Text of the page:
Friday, June 23, 2017

Golden Hill by Francis Spufford


“Nothing short of a masterpiece.” The Guardian

The spectacular first novel from acclaimed nonfiction author Francis Spufford follows the adventures of a mysterious young man in mid-eighteenth century Manhattan, thirty years before the American Revolution.

New York, a small town on the tip of Manhattan island, 1746. One rainy evening in November, a handsome young stranger fresh off the boat arrives at a countinghouse door on Golden Hill Street: this is Mr. Smith, amiable, charming, yet strangely determined to keep suspicion shimmering. For in his pocket, he has what seems to be an order for a thousand pounds, a huge sum, and he won’t explain why, or where he comes from, or what he is planning to do in the colonies that requires so much money. Should the New York merchants trust him? Should they risk their credit and refuse to pay? Should they befriend him, seduce him, arrest him; maybe even kill him?

Rich in language and historical perception, yet compulsively readable, Golden Hill is a story “taut with twists and turns” that “keeps you gripped until its tour-de-force conclusion” (The Times, London). Spufford paints an irresistible picture of a New York provokingly different from its later metropolitan self but already entirely a place where a young man with a fast tongue can invent himself afresh, fall in love—and find a world of trouble.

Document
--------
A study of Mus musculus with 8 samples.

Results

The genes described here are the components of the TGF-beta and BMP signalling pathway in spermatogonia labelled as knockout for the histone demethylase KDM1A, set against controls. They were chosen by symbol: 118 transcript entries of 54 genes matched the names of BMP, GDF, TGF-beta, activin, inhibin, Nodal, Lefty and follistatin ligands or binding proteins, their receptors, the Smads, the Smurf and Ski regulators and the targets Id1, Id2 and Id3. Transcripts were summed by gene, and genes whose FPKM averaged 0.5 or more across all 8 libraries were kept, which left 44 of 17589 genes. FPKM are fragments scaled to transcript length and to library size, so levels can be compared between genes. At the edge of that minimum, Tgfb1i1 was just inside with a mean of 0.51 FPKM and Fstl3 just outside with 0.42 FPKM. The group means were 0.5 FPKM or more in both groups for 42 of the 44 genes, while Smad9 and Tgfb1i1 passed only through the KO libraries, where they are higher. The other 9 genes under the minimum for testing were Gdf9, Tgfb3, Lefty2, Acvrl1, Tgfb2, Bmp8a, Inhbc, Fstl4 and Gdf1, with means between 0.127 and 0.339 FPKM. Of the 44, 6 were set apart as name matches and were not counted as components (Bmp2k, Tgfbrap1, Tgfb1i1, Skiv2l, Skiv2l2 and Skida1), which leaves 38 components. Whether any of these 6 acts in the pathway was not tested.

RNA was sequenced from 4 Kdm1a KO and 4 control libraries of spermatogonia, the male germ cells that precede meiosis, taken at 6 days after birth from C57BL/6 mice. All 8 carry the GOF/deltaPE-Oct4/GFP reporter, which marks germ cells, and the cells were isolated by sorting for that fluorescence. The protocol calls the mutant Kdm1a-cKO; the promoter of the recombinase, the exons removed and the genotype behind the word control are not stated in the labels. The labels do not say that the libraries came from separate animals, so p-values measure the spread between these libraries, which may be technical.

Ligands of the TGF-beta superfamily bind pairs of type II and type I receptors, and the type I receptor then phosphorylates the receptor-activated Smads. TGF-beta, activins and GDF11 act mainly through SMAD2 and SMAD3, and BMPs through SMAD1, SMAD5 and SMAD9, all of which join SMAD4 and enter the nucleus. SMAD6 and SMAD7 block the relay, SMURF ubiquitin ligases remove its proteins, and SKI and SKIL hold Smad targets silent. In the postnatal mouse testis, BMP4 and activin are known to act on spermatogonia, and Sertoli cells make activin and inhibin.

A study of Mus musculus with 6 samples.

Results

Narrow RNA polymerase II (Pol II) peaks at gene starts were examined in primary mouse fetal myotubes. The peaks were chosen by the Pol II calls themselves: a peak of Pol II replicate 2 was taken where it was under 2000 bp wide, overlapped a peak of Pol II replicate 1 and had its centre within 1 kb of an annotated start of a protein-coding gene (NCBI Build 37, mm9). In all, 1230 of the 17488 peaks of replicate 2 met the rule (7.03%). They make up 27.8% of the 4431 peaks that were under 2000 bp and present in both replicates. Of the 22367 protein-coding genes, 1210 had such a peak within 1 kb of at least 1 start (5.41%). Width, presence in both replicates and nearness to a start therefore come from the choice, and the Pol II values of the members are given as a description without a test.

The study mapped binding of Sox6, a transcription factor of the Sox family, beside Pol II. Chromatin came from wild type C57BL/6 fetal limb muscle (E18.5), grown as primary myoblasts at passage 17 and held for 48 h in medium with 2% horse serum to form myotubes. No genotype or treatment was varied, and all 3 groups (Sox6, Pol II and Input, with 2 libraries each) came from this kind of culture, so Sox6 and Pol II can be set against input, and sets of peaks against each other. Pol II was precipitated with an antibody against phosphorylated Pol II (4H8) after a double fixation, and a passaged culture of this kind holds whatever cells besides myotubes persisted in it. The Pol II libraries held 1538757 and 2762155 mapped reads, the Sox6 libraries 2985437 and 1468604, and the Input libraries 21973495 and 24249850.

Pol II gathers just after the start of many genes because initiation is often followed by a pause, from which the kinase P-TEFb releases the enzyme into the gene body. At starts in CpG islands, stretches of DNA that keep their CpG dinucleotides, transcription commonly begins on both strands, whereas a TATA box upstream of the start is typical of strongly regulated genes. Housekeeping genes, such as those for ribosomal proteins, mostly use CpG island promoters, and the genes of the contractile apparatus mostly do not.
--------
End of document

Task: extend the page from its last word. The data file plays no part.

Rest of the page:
There is much to laud with this novel. First, the author did an exceptional job at bringing to life 18th century New York city. Secondly, there is the intriguing plot - the premise of a stranger landing on the shores with a vast amount of money and then being robbed of it shortly thereafter and his dire circumstances landing him in gaol not once, but twice. Thirdly, there are numerous fascinating characters with plenty of quirks. Altogether, these three points made the story unforgettable. 

I have to admit, it took me several tries to begin reading this book. My biggest obstacle was the extremely long, rambling opening sentence (about 1 page long). It was a bit of a struggle to convince myself to keep reading. The next obstacle I struggled with was the "rich prose" which made engaging with the story a bit challenging. In between plot twists, sometimes the story dragged a bit. An abundance of uncommon words and complex sentences throughout the book kept pulling me out of the story to look up words or to re-read passages. 

Having said that, I was captivated by the story. I can see why it is an award winning novel. I also can see why the prose is considered so rich. The descriptions and use of humor and a bit of sarcasm truly overcame the complexities of the words, sentences, and phrases. I loved all the main characters, but my favorite was the smelly, drunk prisoner, Capting! I enjoyed the twists and turns, the betrayals, and the ever evolving characters that always managed to surprise me. Despite my criticisms, this is a wonderful book, well worth reading. I definitely recommend it!